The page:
Never lose faith in the end of the story
As a prisoner of war in Vietnam, Admiral James Stockdale led his men through eight years of torture. Optimism didn’t work, he said. Here’s what did
James Stockdale was tortured for eight years as a POW in the Hanoi Hilton. He learned how to lead his men through the worst hell imaginable. The method he built to help them survive and thrive is a pretty good narrative for anyone seeking to build resilience in times of adversity.
First, Stockdale he never denied how terrible things were, not to himself and not to his men. The optimists were the first to die, he said later. Instead, Stockdale and his men faced their brutal reality head-on.
But here’s the paradox: “I never lost faith in the end of the story.” He always believed that one day he would find meaning from the suffering, that he would emerge transformed.
The Stockdale Paradox is about being able to hold two opposing truths at the same time: the brutal reality of today and faith in the future. It’s a pretty good strategy for anyone looking for a narrative to lead with this year. We think of it as the practice of ferocious optimism.
Ferocious optimism is not the Pinterest Pollyanna style of optimism, that says “It’s not so bad!” It’s the kind of optimism that says, “The country is struggling right now, but this is our chance to show what we’re made of.” Ferocious optimism says “This might be the hardest year we’ve ever known. Watch us take it on.”
When most people talk about the Stockdale Paradox, they talk about these two opposing truths: the brutal reality of today, and faith in the future. But there was one other thing Stockdale did, and given what we know about mindset science today, it was probably the most important thing.
The third pillar of the paradox: take action
During their eight years at the Hanoi Hilton, Stockdale and the men he led were virtually powerless. He was tortured over twenty times. They didn’t know when they would be released, or if they ever would. In these hopeless circumstances, literally, the chemicals in our brains begin to change. We start to release chemicals that make us feel depressed and lethargic. Our system shuts down. Being helpless is both contagious and fatal.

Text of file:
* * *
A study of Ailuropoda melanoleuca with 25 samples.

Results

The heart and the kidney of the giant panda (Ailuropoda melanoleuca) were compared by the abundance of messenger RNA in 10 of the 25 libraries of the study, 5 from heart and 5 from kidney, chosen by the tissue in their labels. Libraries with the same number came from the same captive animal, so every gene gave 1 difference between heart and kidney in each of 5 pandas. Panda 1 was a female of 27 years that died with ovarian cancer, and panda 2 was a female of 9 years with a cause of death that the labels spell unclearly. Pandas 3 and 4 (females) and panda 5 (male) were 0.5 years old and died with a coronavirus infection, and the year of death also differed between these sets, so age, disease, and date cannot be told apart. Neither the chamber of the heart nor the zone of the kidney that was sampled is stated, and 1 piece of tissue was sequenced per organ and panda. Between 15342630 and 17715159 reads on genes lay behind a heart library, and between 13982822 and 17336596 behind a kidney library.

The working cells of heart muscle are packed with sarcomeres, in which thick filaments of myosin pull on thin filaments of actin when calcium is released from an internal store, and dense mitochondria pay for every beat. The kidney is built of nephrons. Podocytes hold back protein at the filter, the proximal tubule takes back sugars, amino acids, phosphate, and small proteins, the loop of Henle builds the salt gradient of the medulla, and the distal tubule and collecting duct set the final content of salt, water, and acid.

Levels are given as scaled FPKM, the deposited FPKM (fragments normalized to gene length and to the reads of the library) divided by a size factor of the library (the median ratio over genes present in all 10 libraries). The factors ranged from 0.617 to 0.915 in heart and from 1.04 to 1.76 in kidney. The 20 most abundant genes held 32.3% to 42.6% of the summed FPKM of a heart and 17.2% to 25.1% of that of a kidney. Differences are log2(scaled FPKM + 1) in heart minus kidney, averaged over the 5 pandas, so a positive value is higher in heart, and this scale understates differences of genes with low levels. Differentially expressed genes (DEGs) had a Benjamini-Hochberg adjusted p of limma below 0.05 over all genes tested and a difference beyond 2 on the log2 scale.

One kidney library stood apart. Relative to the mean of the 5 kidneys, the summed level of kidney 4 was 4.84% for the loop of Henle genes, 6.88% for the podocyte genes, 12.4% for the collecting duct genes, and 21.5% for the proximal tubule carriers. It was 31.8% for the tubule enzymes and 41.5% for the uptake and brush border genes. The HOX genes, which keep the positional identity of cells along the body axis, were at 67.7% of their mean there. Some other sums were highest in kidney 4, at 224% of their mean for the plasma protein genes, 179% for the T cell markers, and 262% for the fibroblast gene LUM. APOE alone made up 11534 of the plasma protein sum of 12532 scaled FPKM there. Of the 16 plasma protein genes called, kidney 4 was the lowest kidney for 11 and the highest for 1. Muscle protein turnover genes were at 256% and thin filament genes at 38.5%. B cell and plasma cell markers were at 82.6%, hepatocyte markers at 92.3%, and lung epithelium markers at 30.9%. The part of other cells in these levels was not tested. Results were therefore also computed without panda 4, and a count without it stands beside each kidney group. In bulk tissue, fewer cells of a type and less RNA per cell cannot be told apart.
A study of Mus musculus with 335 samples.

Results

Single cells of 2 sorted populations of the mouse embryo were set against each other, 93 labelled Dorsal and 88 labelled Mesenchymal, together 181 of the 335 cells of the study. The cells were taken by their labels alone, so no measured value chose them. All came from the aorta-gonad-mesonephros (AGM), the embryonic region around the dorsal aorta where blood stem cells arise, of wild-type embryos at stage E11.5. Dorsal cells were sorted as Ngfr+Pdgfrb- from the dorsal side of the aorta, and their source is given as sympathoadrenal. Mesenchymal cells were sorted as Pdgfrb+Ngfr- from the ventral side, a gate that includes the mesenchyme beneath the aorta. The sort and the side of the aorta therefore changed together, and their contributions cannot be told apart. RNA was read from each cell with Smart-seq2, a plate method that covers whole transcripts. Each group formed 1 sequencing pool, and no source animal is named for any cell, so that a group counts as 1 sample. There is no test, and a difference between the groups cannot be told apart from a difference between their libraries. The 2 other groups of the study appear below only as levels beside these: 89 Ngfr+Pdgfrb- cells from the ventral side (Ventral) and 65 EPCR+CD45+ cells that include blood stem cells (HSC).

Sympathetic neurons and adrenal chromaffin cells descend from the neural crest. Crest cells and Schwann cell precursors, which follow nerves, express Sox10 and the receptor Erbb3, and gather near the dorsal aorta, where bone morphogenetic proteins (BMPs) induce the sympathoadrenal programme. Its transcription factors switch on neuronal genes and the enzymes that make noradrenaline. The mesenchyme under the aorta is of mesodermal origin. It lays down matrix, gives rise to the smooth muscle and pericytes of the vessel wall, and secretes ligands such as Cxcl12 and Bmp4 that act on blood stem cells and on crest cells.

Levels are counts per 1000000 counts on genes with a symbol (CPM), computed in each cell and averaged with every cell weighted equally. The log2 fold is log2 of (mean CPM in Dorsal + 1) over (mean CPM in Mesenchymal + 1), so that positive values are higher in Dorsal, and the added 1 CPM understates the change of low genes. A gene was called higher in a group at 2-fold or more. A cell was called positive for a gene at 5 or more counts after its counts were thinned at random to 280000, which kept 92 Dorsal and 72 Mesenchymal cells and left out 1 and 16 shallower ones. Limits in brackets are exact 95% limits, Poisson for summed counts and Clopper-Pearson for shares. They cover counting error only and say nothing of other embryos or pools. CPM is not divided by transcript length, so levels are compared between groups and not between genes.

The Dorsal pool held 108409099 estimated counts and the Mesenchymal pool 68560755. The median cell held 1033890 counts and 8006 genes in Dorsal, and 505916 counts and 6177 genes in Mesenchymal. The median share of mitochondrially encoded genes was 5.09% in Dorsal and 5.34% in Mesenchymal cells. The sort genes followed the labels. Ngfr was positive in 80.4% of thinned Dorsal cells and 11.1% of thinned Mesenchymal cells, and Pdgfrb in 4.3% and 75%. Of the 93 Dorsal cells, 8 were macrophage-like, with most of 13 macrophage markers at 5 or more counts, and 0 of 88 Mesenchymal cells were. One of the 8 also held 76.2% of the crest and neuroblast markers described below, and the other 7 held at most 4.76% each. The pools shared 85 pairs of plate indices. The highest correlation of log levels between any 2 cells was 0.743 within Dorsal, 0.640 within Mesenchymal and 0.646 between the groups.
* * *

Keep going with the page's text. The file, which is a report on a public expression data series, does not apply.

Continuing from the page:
But here’s what Admiral Stockdale did. He created a “stepwise system” for his prisoners to manage the torture, where they could release information at certain intervals. He created an internal communications system of tapping so they could communicate with each other. He gave them something to do.
And here’s what we know happened in their brains, as a result. When we’re dealing with a traumatic situation, any action that we take changes the chemicals in our brain. We start releasing chemicals of hope and optimism. Instead of feeling depressed and lethargic, we start to feel empowered and optimistic. It doesn’t matter what the action is. Tapping codes is what Stockdale did, but any other action could have worked as well. The point is, by giving them something to do, he changed the narrative inside their brains. And with what we know about mindset science today, that was likely a definitive act for their survival.
So if you’re looking to build a better narrative, Admiral Stockdale is a good place to start. Practice ferocious optimism, where you recognize the brutal reality but promise to persevere. And take action — any action — to reset your brain, and reset your narrative.
Note: The original story of the Stockdale Paradox and all Admiral Stockdale’s quotes can be found in Chapter Four of Good to Great, by James Collins. The “mindset science” comes from Kelly McGonigal’s book The Upside of Stress.